In 2018 alone, the generation of municipal solid waste (MSW) totaled 292.4 million tons. Of that amount, only 69 million tons were directly recycled, with 146 million tons sent to landfills. Combine that with figures from previous years, and we have a very clear waste problem.
Over time, the government has worked to limit waste numbers by establishing waste regulations on a federal and local level. Staying on top of these regulations can sometimes be difficult, especially for businesses producing a lot of waste.
In this resource, we’ll cover mandatory recycling laws at the federal level so that you can ensure compliance in your waste management.
Mandatory Recycling Laws and Management in the United States
The United States government has mainly depended on local and state governments to enact their own waste management and recycling laws.
Typically, these regulations come under two categories:
- Landfill bans
- Recycling goals
Landfill bans make discarding materials such as yard waste, oil, and other collectibles at landfills illegal. States that have implemented landfill bans include:
- North Carolina
- New Hampshire
- New Jersey
- Rhode Island
- South Carolina
- South Dakota
- West Virginia
States like Illinois and California are also championing more targeted recycling initiatives by adopting measures such as the bottle bill. Additionally, 25 states have passed laws targeting electronic waste recycling specifically, and mandating the recycling of electronics. These states, which make up over 65% of America’s population, are already making concerted moves to ensure that the U.S. is on the right path towards recycling.
Federal Recycling Laws and Frameworks in the United States
While the United States government does not directly regulate waste, the Environmental Protection Agency (EPA) has developed federal recycling laws through what is known as the Resource Conservation and Recover (RCRA).
According to the EPA, “RCRA establishes the framework for a national system of solid waste control.”
The RCRA authorizes the EPA to enforce federal hazardous waste regulations where states may not have federal recycling laws in place. This includes the generation, treatment, storage, transportation, and disposal of solid waste.
Through the RCRA, the EPA develops policies that ensure safe waste management for disposal or recycling processes.
There are two main sections of the RCRA that outline its core regulations.
- Subtitle C of the Act: This section is focused on solid hazardous waste. The EPA has developed a program to ensure that the waste is properly managed from the moment it is generated to when it is recycled or disposed of (cradle-to-grave). The EPA also tasked states to implement programs pertaining to hazardous waste management. If a state doesn’t have a program running for hazardous waste, the EPA will step in to set up a program.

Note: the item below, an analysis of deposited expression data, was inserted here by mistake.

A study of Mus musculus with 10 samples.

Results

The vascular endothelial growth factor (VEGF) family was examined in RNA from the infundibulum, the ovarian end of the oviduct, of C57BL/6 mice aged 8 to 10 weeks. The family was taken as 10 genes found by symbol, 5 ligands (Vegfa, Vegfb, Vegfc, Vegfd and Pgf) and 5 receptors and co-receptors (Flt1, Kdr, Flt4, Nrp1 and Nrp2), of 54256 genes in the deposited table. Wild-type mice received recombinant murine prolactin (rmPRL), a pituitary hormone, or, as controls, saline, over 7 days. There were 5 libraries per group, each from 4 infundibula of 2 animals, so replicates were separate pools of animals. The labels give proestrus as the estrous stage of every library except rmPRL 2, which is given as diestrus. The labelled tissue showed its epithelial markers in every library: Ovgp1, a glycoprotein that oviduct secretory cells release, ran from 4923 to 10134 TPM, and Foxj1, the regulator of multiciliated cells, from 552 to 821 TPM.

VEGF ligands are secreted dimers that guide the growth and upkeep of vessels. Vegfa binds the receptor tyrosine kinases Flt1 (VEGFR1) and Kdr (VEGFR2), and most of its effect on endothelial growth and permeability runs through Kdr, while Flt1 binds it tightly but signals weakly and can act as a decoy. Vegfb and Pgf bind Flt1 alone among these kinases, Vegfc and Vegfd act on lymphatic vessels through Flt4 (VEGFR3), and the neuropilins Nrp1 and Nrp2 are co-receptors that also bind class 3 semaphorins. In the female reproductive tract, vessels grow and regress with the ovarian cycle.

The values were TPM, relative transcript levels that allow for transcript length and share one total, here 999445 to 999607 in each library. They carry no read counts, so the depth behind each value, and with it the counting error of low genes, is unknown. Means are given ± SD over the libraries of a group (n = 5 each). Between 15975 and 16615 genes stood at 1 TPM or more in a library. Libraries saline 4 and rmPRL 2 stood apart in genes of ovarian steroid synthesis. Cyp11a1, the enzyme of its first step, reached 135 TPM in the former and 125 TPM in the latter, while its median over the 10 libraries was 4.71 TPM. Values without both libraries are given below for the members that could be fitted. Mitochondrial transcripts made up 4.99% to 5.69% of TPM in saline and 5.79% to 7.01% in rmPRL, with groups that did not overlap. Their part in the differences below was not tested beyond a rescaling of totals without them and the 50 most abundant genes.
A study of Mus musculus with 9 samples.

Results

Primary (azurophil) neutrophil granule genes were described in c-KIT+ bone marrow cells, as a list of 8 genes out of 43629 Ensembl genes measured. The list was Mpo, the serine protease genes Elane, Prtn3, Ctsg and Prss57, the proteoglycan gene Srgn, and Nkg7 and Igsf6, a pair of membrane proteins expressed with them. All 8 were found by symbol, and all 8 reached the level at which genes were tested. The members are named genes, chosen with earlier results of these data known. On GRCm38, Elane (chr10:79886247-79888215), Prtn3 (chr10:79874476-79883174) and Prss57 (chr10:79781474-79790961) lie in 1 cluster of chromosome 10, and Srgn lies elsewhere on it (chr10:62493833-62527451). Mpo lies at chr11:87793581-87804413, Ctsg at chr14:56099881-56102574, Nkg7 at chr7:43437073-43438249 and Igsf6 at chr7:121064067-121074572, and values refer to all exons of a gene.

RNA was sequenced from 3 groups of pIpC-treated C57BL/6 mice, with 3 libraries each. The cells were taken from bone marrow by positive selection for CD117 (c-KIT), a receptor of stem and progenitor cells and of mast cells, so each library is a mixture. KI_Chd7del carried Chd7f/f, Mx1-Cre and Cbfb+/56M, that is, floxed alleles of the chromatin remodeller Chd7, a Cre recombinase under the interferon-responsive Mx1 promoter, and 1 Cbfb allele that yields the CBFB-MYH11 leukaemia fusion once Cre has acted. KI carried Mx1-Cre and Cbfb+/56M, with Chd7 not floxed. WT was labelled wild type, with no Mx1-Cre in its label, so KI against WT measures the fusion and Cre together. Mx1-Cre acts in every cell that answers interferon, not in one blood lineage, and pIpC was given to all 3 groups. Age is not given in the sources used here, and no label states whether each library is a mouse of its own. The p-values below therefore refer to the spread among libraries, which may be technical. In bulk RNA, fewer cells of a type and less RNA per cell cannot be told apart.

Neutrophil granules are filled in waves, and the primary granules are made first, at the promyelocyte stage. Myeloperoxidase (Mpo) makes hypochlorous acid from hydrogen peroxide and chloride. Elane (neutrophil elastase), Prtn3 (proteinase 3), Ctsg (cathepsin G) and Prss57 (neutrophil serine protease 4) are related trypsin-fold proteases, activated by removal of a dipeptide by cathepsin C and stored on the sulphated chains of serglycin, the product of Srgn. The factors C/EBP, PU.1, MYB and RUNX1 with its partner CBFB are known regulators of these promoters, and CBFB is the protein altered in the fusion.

- Subtitle D of the Act: This section is centered on non-hazardous solid waste (crop waste, batteries, wood, glass, asphalt, latex, medical waste, etc.). This section places a ban on open dumping of waste. It also lays out the requirements for the operation of industrial landfills and municipal waste. This addresses the design specifications, location siting, remediation action, and closure of landfill sites.
Throughout this waste regulation process, the general public also has a say in how the RCRA works. Active participation through comments on the treatment, waste storage, and disposal facilities can help the RCRA and EPA do their jobs better.
Maintaining Compliance with Federal Recycling Laws
What does all of this mean for you and your business? For one, it’s important to understand that any federal recycling laws or local regulations for waste management are going to be constantly changing.
To stay ahead and meet compliance, you and your business need a system to track your waste production and management. Rubicon RegWatch™ allows you to practice proper environmental compliance and build a sustainable relationship with your customers, vendors, and your community.
RegWatch provides insights into local, state, and federal waste management regulations and reveals how it pertains to your business. All in real-time.